Director Michael Dougherty wants to return to the MonsterVerse for a rather interesting take on a Godzilla movie. The filmmaker behind last year's King of the Monsters has expressed a desire to make what he calls Godzilla B.C.. This would bring the legendary beast to the ancient world long before civilization as we know it came to be. And, as Dougherty explains, it would possibly ditch the human element entirely.
Recently, Michael Dougherty participated in an online watch party for Godzilla: King of the Monsters. Dougherty was live-tweeting insight from the movie's official account and, at one point, was discussing how he imagined King Ghidorah wound up trapped in the ice in Antarctica. This is when the director revealed his proposed monster flick. Here's what Dougherty had to say about it.
"As for how Ghidorah ended up trapped in the ice, I like to think he lost his last battle with Godzilla and got KO'd into freezing waters. I'd still love to do Godzilla B.C. where we finally see this ancient world of man and monster, like a modern day Ray Harryhausen flick. Or maybe we just go for it and finally take humans out of the equation..."
Ray Harryhausen was an iconic visual effects artist who worked on classics such as The 7th Voyage of Sinbad and Clash of the Titans. It seems Michael Dougherty would want to take a page or two from his playbook, given the opportunity to tackle what he's calling Godzilla B.C. The question is, would Warner Bros. and Legendary make a movie like this? And could it truly work?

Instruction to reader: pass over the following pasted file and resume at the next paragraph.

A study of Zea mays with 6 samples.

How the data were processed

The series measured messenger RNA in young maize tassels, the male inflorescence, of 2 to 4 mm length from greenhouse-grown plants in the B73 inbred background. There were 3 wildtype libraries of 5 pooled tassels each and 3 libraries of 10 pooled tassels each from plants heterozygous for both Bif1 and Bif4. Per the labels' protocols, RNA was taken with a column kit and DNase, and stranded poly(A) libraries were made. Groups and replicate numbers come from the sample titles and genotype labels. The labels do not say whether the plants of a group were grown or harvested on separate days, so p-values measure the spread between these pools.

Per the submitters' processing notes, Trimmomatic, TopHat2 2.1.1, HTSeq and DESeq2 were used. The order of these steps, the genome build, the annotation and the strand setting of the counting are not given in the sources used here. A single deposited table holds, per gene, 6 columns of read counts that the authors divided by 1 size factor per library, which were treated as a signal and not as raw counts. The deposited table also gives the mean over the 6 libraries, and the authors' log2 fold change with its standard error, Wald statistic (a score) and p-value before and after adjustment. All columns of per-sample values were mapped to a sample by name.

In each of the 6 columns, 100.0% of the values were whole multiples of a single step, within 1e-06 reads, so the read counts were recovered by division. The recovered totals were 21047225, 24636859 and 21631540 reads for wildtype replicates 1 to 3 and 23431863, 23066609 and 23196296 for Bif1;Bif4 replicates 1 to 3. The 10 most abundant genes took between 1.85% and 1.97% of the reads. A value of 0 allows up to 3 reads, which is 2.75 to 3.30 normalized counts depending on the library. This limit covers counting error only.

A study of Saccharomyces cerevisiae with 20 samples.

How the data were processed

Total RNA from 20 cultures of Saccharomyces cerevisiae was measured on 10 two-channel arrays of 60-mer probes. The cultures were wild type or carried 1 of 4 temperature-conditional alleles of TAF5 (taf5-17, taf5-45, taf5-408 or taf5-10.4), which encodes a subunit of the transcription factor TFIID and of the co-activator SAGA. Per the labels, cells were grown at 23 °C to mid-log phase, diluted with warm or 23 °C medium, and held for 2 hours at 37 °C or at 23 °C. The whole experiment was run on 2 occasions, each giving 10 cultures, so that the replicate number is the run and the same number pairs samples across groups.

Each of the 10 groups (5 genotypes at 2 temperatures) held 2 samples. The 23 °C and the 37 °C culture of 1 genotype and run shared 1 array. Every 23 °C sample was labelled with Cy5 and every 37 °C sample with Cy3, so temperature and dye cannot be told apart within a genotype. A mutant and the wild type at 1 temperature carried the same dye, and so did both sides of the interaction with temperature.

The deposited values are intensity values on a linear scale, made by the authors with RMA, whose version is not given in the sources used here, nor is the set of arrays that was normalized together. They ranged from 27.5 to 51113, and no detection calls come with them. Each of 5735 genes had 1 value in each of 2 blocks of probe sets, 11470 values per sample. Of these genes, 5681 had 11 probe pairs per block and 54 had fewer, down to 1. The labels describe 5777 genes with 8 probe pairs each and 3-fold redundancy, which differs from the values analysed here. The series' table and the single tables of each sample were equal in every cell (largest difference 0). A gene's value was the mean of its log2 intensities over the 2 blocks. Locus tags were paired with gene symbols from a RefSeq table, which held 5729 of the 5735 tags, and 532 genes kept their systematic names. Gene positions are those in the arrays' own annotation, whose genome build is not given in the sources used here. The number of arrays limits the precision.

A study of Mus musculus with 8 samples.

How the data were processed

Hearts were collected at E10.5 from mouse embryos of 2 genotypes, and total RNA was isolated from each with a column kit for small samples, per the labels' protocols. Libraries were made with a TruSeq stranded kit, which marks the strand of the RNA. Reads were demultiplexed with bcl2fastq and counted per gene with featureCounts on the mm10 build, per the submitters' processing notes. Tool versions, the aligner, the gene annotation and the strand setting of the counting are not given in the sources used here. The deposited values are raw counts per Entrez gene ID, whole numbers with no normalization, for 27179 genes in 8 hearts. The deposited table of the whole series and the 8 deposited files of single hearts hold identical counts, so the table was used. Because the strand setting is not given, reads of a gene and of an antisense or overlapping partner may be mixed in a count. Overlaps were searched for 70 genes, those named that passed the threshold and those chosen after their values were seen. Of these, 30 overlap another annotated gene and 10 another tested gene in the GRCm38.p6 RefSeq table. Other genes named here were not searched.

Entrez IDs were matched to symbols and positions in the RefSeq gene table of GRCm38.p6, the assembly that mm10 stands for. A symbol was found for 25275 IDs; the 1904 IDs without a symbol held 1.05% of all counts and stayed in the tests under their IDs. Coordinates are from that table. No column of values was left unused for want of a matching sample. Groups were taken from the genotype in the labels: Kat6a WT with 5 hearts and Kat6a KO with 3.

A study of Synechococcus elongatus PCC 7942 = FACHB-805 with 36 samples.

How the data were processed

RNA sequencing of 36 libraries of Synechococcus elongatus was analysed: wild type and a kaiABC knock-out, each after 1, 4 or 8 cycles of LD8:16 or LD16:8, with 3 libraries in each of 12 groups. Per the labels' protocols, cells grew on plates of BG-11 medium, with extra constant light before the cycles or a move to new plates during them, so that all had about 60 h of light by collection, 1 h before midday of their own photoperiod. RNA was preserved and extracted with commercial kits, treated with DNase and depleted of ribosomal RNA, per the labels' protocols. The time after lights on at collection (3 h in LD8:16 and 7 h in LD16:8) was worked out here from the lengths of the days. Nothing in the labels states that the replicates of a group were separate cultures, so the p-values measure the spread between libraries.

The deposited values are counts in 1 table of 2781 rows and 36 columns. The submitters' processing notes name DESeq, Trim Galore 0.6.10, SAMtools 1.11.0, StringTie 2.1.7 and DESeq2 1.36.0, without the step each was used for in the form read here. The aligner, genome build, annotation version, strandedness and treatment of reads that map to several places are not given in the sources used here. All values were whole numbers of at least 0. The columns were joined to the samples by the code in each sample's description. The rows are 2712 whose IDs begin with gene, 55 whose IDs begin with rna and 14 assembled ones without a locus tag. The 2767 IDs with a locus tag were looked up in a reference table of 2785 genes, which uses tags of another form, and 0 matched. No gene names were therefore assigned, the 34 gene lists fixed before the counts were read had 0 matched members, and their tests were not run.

This would certainly be venturing into uncharted cinematic territory when it comes to Godzilla. One of the primary complaints from those who didn't particularly enjoy Gareth Edwards' 2014 Godzilla is that it was light on the monster action and what we did get was largely from the human POV. Though, if King of the Monsters taught us anything it's that simply adding more monsters into the mix doesn't necessarily make for a winning formula, as the sequel didn't fare well with critics and underperformed at the box office. So it's hard to say if taking the human element out entirely would improve matters.
Perhaps the best balance in the MonsterVerse thus far was struck by Jordan Vogt-Roberts in 2017's Kong: Skull Island. It was monster-heavy but still featured plenty of human business to keep it anchored in reality, relatively speaking. Next up, director Adam Wingard will bring us Godzilla vs. Kong, which is currently set to arrive in theaters in November. Beyond that, it's not yet been revealed what Warner Bros. and Legendary are planning for the franchise. If they want to try something a little different, Michael Dougherty seems happy to take the call. This news comes to us via the official Godzilla Twitter account.